ORANG-BATI: (INDONESIA)


Covered with acres of unexplored rain forest, the little known Indonesian island of Seram — the second largest island in the Moluccas group — is said to be the home of yet another bizarre winged primate, known as the Orang-Bati.

Since as far back as the 1500s the Moluccans have told Christian missionaries blood curdling tales regarding a species of nocturnal, airborne predators, which were infamous for their night time raids on local villages (such as Uraur), as well as their penchant for kidnapping both infants and small children. As to the purposes for which these alleged abductions took place, one can only speculate… and presume the worst

Ostensibly related to other winged monkeys like the Vietnamese AHOOL, the Mesoamerican CAMAZOTZ (which literally translates as “death bat”) or possibly even the North American BATSQUATCH, tales of predatory flying monkeys hail from across the globe.

That having been noted, there are some researchers who contend that the physical descriptions of these creatures are less like winged primates and more like traditional pterosaurs, such as the African KONGOMATO.

The natives of Seram, however, insist that their night sky is infested with soaring simians, which they describe as being approximately 5-feet in height. These creatures are also said to bear black, leathery wings, red skin and a long, thin tail.

Aboriginals have further claimed that these animals emit a long “mournful wail” while on the prowl. The description of the “leathery wings” and “blood-red skin” might indicate a gigantic bat-like creatures like the OLITIAU.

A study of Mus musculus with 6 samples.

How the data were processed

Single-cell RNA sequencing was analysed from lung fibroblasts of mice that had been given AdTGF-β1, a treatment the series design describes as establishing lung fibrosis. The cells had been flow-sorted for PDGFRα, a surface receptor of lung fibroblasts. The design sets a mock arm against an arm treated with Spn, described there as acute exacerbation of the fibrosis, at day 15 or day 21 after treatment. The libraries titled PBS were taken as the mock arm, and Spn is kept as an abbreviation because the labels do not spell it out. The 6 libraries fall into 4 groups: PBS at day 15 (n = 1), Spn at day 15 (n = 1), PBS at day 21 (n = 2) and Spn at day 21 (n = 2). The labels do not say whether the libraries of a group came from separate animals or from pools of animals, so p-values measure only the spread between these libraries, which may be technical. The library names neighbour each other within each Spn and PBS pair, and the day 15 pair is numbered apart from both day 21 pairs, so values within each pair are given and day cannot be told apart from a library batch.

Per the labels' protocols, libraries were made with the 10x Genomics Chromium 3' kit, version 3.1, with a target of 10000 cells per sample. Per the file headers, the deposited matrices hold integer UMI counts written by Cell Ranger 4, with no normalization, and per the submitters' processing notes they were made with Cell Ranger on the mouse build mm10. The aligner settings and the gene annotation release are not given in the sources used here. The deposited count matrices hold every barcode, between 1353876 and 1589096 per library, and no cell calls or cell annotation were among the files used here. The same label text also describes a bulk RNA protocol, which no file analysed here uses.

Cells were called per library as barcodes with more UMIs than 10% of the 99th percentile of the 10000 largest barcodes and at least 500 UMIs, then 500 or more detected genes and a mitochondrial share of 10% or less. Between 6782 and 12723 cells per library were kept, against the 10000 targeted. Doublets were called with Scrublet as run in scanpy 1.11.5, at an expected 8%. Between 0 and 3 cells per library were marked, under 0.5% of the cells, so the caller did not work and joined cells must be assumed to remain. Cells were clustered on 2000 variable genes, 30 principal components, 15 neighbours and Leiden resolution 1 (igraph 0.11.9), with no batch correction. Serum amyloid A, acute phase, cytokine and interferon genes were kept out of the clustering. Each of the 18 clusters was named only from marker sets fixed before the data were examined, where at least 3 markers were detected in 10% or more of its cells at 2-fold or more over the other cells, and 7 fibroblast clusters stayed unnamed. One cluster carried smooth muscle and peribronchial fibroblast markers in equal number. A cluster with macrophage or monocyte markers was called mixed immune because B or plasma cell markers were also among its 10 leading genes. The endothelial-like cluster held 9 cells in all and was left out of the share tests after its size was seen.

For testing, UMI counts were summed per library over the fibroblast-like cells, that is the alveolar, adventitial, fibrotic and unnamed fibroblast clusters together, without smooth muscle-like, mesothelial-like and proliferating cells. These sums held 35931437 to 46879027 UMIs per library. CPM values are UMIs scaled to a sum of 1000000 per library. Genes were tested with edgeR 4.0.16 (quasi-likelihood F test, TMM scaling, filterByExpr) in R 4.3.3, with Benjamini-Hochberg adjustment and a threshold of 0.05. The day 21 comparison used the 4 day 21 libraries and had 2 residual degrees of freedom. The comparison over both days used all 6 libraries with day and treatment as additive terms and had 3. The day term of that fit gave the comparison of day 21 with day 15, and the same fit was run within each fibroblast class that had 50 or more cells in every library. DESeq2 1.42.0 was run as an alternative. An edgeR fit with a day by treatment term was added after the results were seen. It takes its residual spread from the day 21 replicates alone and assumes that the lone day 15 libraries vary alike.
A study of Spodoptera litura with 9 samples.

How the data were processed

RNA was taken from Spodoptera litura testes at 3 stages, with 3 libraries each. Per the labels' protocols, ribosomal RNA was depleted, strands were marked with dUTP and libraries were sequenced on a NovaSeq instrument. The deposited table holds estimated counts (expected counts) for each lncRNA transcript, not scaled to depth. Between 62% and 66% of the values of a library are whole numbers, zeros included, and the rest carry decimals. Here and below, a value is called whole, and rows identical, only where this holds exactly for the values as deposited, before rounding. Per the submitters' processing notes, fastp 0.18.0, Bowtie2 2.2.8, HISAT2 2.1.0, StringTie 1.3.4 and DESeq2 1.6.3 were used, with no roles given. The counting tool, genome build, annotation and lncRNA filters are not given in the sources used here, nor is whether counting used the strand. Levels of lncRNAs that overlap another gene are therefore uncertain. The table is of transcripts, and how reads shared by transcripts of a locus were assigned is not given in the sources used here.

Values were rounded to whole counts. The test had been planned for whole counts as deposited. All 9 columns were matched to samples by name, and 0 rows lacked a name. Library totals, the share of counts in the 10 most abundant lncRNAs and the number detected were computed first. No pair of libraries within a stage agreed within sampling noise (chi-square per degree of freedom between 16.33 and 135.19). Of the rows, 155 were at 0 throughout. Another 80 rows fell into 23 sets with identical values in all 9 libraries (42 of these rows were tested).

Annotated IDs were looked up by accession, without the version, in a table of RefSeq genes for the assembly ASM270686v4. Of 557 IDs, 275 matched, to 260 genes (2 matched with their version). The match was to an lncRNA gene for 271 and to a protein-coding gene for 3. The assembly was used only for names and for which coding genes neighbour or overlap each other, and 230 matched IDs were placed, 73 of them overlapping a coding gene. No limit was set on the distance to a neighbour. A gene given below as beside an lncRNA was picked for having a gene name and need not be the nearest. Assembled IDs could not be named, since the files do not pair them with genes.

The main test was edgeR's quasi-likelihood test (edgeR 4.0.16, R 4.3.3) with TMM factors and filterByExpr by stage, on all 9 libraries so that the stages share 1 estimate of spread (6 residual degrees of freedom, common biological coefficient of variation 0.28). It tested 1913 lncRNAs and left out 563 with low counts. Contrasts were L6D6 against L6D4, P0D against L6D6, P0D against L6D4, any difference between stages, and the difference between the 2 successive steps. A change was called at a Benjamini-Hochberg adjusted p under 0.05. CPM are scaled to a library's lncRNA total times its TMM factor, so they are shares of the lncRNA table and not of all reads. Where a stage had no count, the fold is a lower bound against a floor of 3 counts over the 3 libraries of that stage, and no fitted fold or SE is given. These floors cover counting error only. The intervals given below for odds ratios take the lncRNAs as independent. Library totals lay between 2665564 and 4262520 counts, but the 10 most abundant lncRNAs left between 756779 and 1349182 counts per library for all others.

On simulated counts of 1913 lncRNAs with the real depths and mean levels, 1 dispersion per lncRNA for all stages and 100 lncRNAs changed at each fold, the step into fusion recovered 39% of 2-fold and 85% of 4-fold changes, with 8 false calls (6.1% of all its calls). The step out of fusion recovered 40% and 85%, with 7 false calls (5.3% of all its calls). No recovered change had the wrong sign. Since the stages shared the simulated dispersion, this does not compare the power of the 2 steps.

As if to confirm this fact, the name “Orang-Bati” itself translates from the indigenous language of the Moluccan’s as “men with wings.” Still, some investigators insist that the description of these animals seems to be more in line with that of its Papua  New Guinea cousin, the ROPEN. This fact also seems to coincide with the purported habitat of the Orang-Bati, which, much like that of the Ropen, consists of a network of caves wedged deep into the side of a now extinct volcano known as Mount Kairatu.

In 1987, English missionary, Tyson Hughes, began an 18 month contract to assist the Moluccan tribes people of Seram Island to develop more efficient farms. Tyson heard stories about Mount Kairatu’s Orang-bati and told them to the rest of the “civilized” world, though he remained skeptical regarding their more vicious traits.

That was until about midway through his contract, when Hughes claims to have had an actual eyewitness encounter with one of the beasts. After this event, Hughes forged a deeper trust between himself and the indigenous Moluccan’s, which he claims is what helped to inspire him to chronicle their horrific stories of this unusual beast, which natives claim haunt the skies over Seram to this day.